Laura Osberger: email@example.com
For immediate release
RICHMOND — The State Council of Higher Education for Virginia (SCHEV), in conjunction with the Virginia Economic Development Partnership, released analysis of net migration of college graduates. Net migration is the difference between the number of people who moved to Virginia minus the number who moved out.
According to an analysis of 2019 survey data, more mid-career bachelor’s degree holders, regardless of where they earned their degree, moved out of Virginia than moved to Virginia. VEDP found that in 2019 Virginia’s net migration for this group was -7,271. When accounting for the margin of error however, that number could be as high as + 3,063 or as low as -17,605. Mid-career, defined as between 25 and 54 years-old, are valuable to businesses due to their skills and experience. Out-of-state employers might recruit these workers, jeopardizing Virginia’s own economic development strategies and the Commonwealth’s goal of 70% of working-aged adults having earned a postsecondary degree or credential.
A second analysis of administrative data (no margin of error) looked only at graduates of Virginia institutions and found that 9% of in-state students moved away from the Commonwealth after earning a Bachelor’s degree. In contrast, 17% of out-of-state students, who graduated from a four-year institution in Virginia, stayed in Virginia. This accompanying tool allows users to explore mobility by institution, degree level, program, race/ethnicity, and gender.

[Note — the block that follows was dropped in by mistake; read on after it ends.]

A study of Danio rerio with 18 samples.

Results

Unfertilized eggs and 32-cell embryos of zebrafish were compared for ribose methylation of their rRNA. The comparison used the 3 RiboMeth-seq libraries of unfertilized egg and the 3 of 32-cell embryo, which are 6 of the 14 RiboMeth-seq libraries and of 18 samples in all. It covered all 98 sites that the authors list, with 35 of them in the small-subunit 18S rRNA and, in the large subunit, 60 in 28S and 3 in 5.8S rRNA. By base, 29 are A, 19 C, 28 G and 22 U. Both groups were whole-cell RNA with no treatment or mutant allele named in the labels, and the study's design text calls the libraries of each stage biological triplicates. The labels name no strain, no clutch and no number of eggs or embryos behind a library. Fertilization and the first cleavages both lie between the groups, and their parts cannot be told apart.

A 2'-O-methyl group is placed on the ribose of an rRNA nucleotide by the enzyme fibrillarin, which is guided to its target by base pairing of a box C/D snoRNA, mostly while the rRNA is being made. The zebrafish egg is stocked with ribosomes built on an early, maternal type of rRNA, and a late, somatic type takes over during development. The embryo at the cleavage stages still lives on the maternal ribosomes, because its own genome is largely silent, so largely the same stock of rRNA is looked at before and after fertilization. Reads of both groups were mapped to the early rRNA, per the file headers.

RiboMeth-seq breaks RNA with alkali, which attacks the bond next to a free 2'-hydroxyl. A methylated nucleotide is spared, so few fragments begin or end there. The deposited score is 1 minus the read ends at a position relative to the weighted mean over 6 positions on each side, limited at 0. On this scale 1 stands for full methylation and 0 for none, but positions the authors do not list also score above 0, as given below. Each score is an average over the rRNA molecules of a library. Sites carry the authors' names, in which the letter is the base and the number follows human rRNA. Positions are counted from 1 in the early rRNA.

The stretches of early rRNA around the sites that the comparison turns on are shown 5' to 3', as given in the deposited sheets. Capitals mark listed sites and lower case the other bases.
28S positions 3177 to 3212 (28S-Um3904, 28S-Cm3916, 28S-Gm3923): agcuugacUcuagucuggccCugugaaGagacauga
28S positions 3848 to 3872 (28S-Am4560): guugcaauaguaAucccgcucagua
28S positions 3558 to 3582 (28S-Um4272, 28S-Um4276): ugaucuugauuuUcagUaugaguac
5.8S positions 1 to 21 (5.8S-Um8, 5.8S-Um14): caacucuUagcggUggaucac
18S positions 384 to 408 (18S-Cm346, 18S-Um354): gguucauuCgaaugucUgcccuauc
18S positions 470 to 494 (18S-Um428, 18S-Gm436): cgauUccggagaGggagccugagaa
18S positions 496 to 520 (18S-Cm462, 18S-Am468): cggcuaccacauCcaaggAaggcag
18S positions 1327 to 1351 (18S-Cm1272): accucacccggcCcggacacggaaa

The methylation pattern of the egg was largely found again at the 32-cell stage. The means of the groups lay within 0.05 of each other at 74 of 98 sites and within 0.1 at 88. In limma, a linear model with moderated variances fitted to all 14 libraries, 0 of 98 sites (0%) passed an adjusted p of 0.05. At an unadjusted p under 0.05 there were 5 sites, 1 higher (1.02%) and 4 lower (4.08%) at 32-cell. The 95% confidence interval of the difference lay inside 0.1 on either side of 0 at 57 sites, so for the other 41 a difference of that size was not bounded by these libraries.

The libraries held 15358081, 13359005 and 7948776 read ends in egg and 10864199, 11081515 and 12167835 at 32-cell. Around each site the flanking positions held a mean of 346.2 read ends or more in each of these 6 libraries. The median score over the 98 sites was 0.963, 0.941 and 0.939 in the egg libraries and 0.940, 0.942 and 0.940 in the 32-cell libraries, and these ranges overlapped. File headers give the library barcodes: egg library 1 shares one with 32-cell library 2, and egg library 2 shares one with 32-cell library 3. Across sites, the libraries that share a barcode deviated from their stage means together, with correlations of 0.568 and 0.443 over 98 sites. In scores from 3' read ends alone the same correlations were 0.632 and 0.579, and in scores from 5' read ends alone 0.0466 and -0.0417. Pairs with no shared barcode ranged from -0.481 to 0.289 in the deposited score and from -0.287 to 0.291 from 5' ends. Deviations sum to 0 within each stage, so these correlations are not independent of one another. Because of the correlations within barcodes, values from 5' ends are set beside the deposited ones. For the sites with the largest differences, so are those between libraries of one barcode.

The survey trends also vary from year to year. Just the previous year, in 2018, Virginia had a positive net migration of +7,535, with a margin of error producing an upper estimate of +15,430, and a lower estimate of -360. In the 15 years analyzed by VEDP, only three had negative net migration of this group. So while on one hand it’s concerning that two of those negative net migration years were in the last four years, over the 15-year span, 49,000 more mid-career bachelor’s degree holders moved to Virginia than left. VEDP’s analysis also suggests that net mobility of younger college graduates, ages 25-34, have been declining the last 20 years. The margins of error are greater, however, due to a smaller sample size.
These results could be an isolated incident or the start of a longer-term trend. Either way, SCHEV and other agencies are paying close attention to this information and taking steps to retain the talent in Virginia. Read the full analysis for more detailed information and the initiatives in place to address them.